Why Don’t Women Help Other Women at Work?

Women at work.

Women at work are awesome. Women at home are awesome. Basically, women are just awesome. (Duh.) But there are some women – women who don’t help other women — who are downright toxic to the rest of us gals who just want to learn and bond.

Women who don’t help other women are everywhere and we’re sure you’ve encountered a few of these ladies in your lifetime. These women work with you and sit next to you in your college courses. Although these ladies do get on my nerves, I don’t hate these women. Why? Well, because as Laurie Ruettimann points out, every woman is that woman at least once in her lifetime. While this is a pretty sobering statement, it’s true.

Don’t believe me? Well, let’s examine a few of the “woman who doesn’t help other women’s” characteristics:

She’s kinda negative all the time: She makes sure everyone around her knows how hard she works and is very vocal about every sacrifice she makes. (I hate to admit that I used to be this person at the beginning of my freelance career. I had that “too busy” chip on my shoulder to prove to everyone around me that even though I didn’t work a “9-to-5 job,” I still worked my ass off.)

She will undermine women who are older and younger than her: Do you have ovaries? If so, this woman views you as competition. Unfortunately, men and women at work tend to compare a female’s productivity to the women around her. So, teamwork can seem a bit threatening. (While I’ve never undermined another woman, I sure as heck had issues with teamwork when I was around 25 years old — I blame all those failed “team projects” in college for this former attitude.)

Now, I know that most women don’t actively choose to hate on other women at work, or elsewhere. I sure as heck know I don’t. But I know that sometimes when I feel like I’m getting snubbed at work, or that I’m getting ignored, I tend to seclude myself and don’t seek help from anyone.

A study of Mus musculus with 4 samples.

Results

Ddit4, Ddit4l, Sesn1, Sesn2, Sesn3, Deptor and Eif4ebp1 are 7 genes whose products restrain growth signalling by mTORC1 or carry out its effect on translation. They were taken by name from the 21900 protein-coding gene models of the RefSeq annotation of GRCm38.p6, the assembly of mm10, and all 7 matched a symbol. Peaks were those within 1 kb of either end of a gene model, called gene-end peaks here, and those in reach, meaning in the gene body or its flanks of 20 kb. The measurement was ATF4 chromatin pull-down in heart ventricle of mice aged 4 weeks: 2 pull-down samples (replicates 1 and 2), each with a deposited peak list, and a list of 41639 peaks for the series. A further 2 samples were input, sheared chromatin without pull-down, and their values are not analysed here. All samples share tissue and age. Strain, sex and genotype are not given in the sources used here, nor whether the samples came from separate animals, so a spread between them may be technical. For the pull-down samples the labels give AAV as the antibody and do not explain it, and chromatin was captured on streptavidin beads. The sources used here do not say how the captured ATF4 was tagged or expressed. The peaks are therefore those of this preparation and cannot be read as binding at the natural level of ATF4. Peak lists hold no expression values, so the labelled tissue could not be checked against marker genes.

Over the past few years, I’ve learned to shut-up and listen to my co-workers and the older friends I have. I also have actively sought out women who have been around the block more than a few times to learn from their experiences. Being around and learning from such experienced women has helped me become more helpful to other women around me.

While powerful women may intimidate us all from time to time, let’s all acknowledge that these feelings aren’t helpful. Women can only become successful by helping each other. So, let’s put our egos aside and actively try and connect with women who can help us. Building these friendships is incredibly beneficial to you and to all women.


Abbie Stutzer

Writer, editor, and owner of Ginchy!, a freelance writing and editing company, and home funeral hub. Adores smart sex ed, sustainable ag, spooky history, women's health, feminism, horror, wine, and sci-fi.